No one can guarantee your child's safety at school. But Citrus law enforcement and school officials do everything in their power to keep harm at bay - even when children themselves are the threat.
That was the message to parents during a summit on school safety Monday night.
Sheriff's Sgt. Kevin Purinton, who helps oversee the school resource officer program, shared safety tips and fielded questions from a dozen or so parents who attended the forum at the District Services Center in Inverness.
Spurred by the recent school shootings in Wisconsin and Pennsylvania, the local PTA organized the summit to discuss how Citrus schools would respond in a similar crisis.
The conversation touched on a range of issues from the lax security at some elementary school campuses to the threat of sex offenders - some of them parents - coming on campus undetected.
But no issue seemed to give parents more pause than the concern of children doing harm to other children, as well as law enforcement's response.
Since 2003, the Sheriff's Office has taken 56 students to a mental health facility pursuant to the state's Baker Act. Last year alone, there were 26 students who were involuntarily taken for psychiatric evaluation.
Purinton called the trend "alarming" but said the action is necessary to prevent suicidal children from doing harm to others in school.
It was unclear from his remarks whether the trend reflects an increase in unruly students or a shift in the Sheriff's Office's approach to dealing with such students.
Purinton also warned parents about the dangers of prescription drugs, which he said have become the most popular controlled substance among students besides alcohol and marijuana.
Since 2002, 44 students have been caught with a controlled substance at school.
Students caught with prescription drugs like Xanax usually get them from their grandparents' medicine cabinet, Purinton said, noting that Citrus is home to the largest population of retirees.
Once children raid the medicine cabinet, Purinton said, they will use the drugs themselves and risk becoming dependent on them or they will sell them to their peers at school.
The announcement startled several parents in the audience, including one who said, "I have never thought about prescription drugs. I trust my daughter."
The woman's reaction prompted some laughter and also a warning from Purinton, who said parents shouldn't be "so naive and trusting" or try to mimic the behavior of parents in television shows who think they need to become their child's best friend.
"Sometimes we have to check our children's room and drawers," he said. "Just to double check."
For the most part, Purinton added, children in Citrus schools are well behaved but there are the few times when they slip and make mistakes.
Some parents in the crowd gasped when Purinton said that parents of children as young as 8 are increasingly turning to school deputies for help.
" 'Help,' " they say, according to Purinton. " 'I don't know how to deal with my child.' "
Purinton and other school officials told parents that children are the best line of defense against the threat of school violence.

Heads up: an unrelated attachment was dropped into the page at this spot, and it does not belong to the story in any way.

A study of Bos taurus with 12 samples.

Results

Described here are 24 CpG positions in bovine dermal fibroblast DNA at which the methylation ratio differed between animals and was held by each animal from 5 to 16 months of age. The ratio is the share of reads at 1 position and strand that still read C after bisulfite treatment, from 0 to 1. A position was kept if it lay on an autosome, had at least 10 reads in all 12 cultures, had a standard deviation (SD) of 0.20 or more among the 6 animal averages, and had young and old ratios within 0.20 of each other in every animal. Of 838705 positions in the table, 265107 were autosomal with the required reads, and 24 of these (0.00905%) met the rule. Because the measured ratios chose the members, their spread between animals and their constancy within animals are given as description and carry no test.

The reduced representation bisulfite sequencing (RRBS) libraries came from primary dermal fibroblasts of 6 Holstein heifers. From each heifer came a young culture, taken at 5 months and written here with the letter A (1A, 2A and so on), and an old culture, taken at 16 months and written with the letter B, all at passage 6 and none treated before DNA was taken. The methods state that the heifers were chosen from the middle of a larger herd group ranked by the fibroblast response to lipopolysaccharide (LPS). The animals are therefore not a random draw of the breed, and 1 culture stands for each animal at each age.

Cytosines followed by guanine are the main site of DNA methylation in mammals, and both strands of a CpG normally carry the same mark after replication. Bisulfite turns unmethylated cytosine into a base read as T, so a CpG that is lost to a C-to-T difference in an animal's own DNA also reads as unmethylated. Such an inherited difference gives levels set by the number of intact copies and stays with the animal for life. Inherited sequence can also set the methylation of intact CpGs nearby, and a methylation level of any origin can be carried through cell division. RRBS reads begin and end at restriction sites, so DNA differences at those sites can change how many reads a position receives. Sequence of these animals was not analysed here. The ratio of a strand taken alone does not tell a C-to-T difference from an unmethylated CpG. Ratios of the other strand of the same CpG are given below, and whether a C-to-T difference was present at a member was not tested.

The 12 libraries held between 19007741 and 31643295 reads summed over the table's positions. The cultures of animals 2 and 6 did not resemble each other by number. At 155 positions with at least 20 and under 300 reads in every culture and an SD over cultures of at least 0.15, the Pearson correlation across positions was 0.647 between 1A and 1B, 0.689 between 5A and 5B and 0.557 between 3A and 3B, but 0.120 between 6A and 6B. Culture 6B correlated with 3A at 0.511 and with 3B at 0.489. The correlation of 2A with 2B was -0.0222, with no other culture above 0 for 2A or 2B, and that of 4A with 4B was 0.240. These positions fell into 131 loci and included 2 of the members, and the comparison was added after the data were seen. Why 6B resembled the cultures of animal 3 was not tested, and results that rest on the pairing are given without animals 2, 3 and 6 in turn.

"Encourage your children to report (suspicious activity), even if they tattletale," he said.
Some parents wanted to know what the schools were doing to keep intruders out.
Dawn Corlew said she's concerned about the safety of her two daughters who attend Hernando Elementary School. The school, like Citrus Springs Elementary and Pleasant Grove Elementary, has an office inside the campus, allowing visitors to bypass security if they choose.
"I'm worried about the people who don't belong there because before they can get to the front office, they can get to six classrooms sooner," Corlew said.
Mike Mullen, executive director of support services, said the district is getting estimates and looking at the best ways to seal the entrances at those schools. The same concern has been raised at Citrus High School and Inverness Middle School.
Mullen was cautious not to give parents a false sense of security.
"Just because you have to go through the front office doesn't mean you'll stop an armed intruder," he said. "It's only a secretary sitting at the front desk with a phone."
Annette Miller had a separate concern about registered sex offenders who are allowed to come on campus because they have a child enrolled at the school.
"I was appalled that they're allowed on campus," said the mother of a 6-year-old daughter and 7-year-old son who attend Forest Ridge Elementary.
Miller's concern put other parents on edge.
"Who's watching that person?" asked Joy Ely, whose son attends Inverness Primary School. "We don't have knowledge of these people?"
Mullen said unless the parent checks in at the front desk, the administration won't know.
Superintendent Sandra "Sam" Himmel closed the summit by extolling the schools' tight working relationship with the Sheriff's Office.
"I want you to go home and know that school safety is our number one priority," she said.
She echoed the advice of other school officials: Keeping children safe in schools is the responsibility of everyone, educators parents and students.
Eddy Ramirez can be reached at email@example.com or 860-7305.